These days, most of you have become fairly adept at spotting phishing emails (the ones that trick you into clicking bogus links, and providing account login information or credit card numbers). These scam artists aren’t always the most skilled at creating convincing emails. The infamous “Nigerian prince” might come to mind. These emails are often poorly formatted and littered with a variety of spelling and grammatical errors.
On the other hand, some scam artists are becoming increasingly clever. They know we’ve caught on to them! So occasionally, a highly convincing phishing scheme will come to our attention, and we want to let you know about it. Such is the case with the recent “Netflix” scam.
If you receive an email from “Netflix”, warning that they couldn’t verify your billing information and your account is soon to be suspended, we urge you to exercise extreme caution. Do not follow the link provided by the email!
These emails look nearly identical to genuine Netflix communications, and will direct you to a login page that appears legitimate. After entering your Netflix login information, which is captured by the scammers, you will also be asked to “update” your billing information. Now they have your credit card number, which could prove to be disastrous for you.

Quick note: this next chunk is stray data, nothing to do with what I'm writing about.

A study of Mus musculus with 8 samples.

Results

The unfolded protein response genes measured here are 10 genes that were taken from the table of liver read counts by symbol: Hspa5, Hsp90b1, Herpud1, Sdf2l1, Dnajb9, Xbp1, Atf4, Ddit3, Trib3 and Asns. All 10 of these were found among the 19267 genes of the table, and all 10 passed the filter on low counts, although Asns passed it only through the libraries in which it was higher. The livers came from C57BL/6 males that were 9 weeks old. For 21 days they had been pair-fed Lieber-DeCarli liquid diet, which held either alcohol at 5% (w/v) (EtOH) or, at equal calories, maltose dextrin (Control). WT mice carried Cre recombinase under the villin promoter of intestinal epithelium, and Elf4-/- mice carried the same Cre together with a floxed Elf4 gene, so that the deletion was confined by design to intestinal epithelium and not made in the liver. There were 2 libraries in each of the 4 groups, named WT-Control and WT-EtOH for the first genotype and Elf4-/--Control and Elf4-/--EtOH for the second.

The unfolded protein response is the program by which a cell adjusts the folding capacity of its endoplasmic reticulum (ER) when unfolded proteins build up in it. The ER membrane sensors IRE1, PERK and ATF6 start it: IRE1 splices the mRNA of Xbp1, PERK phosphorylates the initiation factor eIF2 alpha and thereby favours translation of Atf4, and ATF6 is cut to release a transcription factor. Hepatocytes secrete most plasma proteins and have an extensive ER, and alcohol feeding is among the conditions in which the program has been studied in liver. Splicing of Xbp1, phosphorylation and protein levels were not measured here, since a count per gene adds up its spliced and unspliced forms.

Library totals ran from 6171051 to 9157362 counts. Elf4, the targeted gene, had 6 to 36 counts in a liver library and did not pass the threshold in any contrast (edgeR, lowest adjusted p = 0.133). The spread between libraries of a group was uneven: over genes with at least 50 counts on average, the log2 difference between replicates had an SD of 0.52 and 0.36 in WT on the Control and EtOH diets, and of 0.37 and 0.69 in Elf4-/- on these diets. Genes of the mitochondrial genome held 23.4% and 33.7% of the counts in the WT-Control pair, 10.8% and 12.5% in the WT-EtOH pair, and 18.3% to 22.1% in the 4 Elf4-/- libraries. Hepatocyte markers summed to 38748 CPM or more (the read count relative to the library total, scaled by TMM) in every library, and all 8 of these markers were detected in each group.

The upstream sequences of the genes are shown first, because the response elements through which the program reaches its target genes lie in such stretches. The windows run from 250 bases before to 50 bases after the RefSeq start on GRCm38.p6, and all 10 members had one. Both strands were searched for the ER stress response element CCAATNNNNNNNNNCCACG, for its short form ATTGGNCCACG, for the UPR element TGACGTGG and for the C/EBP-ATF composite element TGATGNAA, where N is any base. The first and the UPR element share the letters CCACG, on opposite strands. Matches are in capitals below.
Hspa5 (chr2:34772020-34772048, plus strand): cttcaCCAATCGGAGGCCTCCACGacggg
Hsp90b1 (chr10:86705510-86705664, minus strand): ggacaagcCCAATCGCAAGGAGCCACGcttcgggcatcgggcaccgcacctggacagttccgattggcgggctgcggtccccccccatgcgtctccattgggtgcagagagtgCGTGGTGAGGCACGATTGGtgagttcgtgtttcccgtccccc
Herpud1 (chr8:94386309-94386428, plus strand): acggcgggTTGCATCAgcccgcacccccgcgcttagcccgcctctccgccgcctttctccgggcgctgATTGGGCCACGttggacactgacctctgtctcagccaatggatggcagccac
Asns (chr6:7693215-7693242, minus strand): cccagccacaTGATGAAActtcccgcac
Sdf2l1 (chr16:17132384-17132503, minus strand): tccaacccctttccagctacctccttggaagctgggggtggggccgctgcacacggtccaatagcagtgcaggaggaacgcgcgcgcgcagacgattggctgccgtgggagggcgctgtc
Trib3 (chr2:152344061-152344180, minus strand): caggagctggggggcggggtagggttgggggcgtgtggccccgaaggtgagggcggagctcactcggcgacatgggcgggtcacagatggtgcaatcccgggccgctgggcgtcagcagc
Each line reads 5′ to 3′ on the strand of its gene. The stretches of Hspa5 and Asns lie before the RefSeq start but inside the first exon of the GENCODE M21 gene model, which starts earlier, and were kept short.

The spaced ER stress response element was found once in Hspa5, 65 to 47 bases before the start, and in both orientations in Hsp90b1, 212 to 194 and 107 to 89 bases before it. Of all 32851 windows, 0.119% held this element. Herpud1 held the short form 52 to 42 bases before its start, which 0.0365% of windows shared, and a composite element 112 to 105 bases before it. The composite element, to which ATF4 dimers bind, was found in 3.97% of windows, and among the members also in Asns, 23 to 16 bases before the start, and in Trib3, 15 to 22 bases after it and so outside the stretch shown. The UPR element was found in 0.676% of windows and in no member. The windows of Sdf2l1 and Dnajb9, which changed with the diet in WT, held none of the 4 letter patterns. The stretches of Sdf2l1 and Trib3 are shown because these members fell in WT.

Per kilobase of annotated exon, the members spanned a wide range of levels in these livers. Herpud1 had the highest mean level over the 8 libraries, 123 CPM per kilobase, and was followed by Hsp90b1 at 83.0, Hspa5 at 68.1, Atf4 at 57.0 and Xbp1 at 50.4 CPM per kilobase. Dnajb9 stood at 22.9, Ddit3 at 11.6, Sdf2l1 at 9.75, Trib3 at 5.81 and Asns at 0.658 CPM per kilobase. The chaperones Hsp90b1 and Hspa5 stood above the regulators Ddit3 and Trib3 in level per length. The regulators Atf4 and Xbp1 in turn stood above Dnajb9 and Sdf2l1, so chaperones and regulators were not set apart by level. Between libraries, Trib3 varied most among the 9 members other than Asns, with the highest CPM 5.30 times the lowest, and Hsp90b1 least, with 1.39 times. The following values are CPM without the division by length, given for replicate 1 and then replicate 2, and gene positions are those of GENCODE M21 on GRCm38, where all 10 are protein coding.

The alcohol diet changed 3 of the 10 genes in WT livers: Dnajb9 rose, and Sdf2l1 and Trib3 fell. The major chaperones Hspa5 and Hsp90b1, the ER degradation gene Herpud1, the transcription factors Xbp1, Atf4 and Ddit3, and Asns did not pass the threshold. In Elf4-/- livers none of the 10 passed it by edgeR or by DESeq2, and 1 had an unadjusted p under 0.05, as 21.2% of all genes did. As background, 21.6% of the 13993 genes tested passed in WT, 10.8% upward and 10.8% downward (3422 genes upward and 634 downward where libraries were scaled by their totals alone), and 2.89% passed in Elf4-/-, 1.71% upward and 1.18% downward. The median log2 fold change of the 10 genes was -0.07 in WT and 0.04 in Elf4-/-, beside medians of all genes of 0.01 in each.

If you want to check on your Netflix account, open a new browser tab and type in “Netflix.com” yourself. Log in and check your billing information if you’re worried, but chances are good that everything is just fine.
The takeaway lesson from this phishing scheme is that scam artists have definitely realized that we are skeptical of their poorly-worded, awkwardly formatted emails. They are updating their methods to reflect greater consumer awareness of phishing schemes, so continue to exercise caution with any email that asks you to follow links. Also remind your employees, who might use your network to send and receive private emails, that clicking on a dangerous link can have consequences for the company as well as the individual. And, as always, give us a callat 888-RING-MY-TECH if you have any network security concerns.